If you have watched or read the news in the last couple of days, there's no doubt that you chanced across the new findings released by the journal Pediatrics that have concluded the ignorance of the masses to the harmfulness of "third-hand smoke," particularly to infants and children, and by extension, preganant women. The recent study concludes that most smokers have not yet recognized the harmfulness of third-hand smoke, and their attempts at protecting children from second-hand smoke actually fall short of truly protecting their still-developing lungs from the toxins released by cigarettes.
The actual third-hand smoke research came out in 2004, but it was this new study that coined the term third-hand smoke to represent the toxins that collect in the dust, the air, the clothing and hair, and the furniture of smokers. It is the "smell" you detect after your smoking colleagues come back from their collective smoke break, the scent that lingers on your clothes after a night at the smoky bar, and the weird yellowy colour that you notice on the furniture of your smoking relatives. That is the third-hand smoke to which the term refers, and that is what infants and children are exposed to, in spite of the best efforts of smokers in their lives to keep them from it. The carcinogenic toxins in the third-hand smoke have, according to the studies, been linked to things such as lower IQ, cognitive deficits (like lower reading scores!), and cancer risks, to name a few.
I won't get into the details of the studies, since a simple "google" search will yield large numbers of returns on the topic. However, as I have been following these news articles and reading them online, I've noticed a substantial number of vitriolic comments criticizing or rejecting the findings released by Pediatrics as well as by Prof. Georg Matt of the original 2004 study. An equal number of responses from the non-smoking camp defending these studies and condemning smokers have turned simple online news articles into battle zones between the pro- and anti-smoking groups.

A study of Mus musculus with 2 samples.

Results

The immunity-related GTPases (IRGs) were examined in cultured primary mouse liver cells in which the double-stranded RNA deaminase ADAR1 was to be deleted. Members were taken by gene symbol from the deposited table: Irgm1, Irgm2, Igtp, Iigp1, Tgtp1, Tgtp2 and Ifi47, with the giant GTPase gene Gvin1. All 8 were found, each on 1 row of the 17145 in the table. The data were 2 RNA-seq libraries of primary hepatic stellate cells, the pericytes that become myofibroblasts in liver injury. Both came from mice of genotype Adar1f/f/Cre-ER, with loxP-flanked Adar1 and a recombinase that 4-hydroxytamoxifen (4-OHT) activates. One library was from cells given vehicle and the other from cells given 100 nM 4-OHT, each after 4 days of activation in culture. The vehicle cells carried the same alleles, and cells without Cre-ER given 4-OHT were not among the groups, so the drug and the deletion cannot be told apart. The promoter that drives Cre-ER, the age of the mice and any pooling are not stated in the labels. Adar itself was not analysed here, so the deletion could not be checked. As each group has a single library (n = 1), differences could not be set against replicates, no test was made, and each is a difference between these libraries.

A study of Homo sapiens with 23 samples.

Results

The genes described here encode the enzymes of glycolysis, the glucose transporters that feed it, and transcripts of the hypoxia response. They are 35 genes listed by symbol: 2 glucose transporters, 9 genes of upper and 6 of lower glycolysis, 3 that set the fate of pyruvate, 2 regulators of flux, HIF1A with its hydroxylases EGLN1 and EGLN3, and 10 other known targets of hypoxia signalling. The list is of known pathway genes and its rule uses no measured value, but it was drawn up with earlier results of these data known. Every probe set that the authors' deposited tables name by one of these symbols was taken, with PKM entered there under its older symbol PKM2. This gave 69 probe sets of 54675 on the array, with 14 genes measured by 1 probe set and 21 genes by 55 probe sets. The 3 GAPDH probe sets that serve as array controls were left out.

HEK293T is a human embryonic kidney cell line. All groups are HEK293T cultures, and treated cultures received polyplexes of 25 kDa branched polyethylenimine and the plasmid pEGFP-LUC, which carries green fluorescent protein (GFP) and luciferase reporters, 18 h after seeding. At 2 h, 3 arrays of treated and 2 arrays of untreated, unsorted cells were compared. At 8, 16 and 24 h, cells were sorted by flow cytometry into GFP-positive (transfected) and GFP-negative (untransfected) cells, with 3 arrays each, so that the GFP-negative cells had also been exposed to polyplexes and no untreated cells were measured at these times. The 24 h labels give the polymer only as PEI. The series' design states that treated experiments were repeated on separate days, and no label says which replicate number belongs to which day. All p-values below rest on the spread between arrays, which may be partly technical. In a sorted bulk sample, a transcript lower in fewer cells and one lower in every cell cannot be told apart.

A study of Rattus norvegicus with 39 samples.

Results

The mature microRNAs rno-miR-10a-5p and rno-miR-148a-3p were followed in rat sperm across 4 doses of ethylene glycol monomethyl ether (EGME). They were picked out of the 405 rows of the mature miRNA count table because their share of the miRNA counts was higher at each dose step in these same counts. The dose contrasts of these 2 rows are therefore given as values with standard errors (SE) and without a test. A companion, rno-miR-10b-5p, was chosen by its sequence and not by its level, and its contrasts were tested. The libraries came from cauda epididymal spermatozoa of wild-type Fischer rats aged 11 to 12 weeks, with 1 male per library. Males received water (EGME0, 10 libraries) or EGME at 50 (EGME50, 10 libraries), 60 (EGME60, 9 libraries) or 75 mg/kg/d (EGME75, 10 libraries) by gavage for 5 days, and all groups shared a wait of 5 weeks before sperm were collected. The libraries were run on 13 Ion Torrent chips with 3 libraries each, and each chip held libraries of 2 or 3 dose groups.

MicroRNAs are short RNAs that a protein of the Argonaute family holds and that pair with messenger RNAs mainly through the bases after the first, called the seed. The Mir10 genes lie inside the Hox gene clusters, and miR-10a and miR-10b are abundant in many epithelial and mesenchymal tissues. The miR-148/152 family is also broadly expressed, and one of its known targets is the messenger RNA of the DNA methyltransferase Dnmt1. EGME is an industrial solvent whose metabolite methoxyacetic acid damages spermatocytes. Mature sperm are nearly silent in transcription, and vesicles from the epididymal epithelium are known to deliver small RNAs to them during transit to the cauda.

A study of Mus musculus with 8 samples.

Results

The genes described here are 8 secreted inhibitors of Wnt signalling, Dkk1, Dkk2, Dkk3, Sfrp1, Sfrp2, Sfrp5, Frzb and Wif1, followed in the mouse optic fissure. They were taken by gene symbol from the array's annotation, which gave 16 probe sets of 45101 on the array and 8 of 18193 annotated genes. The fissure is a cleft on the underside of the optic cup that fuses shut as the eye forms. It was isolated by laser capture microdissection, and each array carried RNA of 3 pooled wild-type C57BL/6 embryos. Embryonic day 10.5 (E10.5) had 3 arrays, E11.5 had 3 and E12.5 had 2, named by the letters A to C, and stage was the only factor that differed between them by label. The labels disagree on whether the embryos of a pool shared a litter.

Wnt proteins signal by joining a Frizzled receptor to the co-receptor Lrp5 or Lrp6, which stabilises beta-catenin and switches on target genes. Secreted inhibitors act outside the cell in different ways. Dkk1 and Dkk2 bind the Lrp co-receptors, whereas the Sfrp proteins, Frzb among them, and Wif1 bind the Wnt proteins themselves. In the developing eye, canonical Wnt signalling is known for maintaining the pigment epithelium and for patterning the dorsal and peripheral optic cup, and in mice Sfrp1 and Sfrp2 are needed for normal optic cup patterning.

The truth is, nobody can force anyone to quit smoking. It is a personal decision based on a number of variables specific to an individual. Patrick Swayze told Barbara Walters just the other night that despite his very malignant and aggressive pancreatic cancer, he can't kick his cigarette habit. Obviously for him, even the threat of death isn't a compelling enough reason to nix the smokes. My dad quit the moment he realized how badly my bro's asthma was. For him, that was the last straw, but prior to that he probably had no idea that the second-hand smoke his daughters had been breathing in for the last decade of their lives was harming them, too!
I am a huge proponent of educating the public, and of further longitudinal investigations into the effects of smoke exposure on children. Personally, though I know that a handful of studies will likely be insufficient evidence for a smoker to quit, I believe that a large number of studies concluding the same thing might actually offer a pretty strong case for getting rid of the vice.
In the meantime, however, I believe that we non-smokers have the responsibility of protecting ourselves (and our children) from smoke exposure. Though we may not have a choice as to whether people around us smoke or not, we certainly have a choice about where we go and how long we stay. If we are convinced that we want to give our kids every chance at physical and intellectual health, then we will make the decision to keep them (and ourselves) from being unnecessarily exposed to toxins that might endanger us. If we keep ourselves educated about the issue, we can be armed with the logical rationale for our behaviour, even if it seems a bit extreme to those around us.**
The answer does not lie in "converting" others with our arguments, because it is a waste of time to try to change someone who is unwilling to change. However, the answer (in part, anyway) does lie in offering a solid case for non-smoking and in helping others to be aware of the effects of their behaviour.
Anyway, that's my two cents on the issue.
**I do not mean extreme in the truly extreme fashion. In no way do I advocate raising kids in a bubble; kids need to eat dirt and play outside and do kid things so that they can build confidence and curiosity as they explore their world. I do mean extreme as in avoiding restaurants that allow smoking in the dining room (or at all!), and in choosing playgroups with non-smokers. I do mean not allowing baby-sitters who are smokers to sit for my children, and insisting on a no-smoking policy in my home and my vehicle.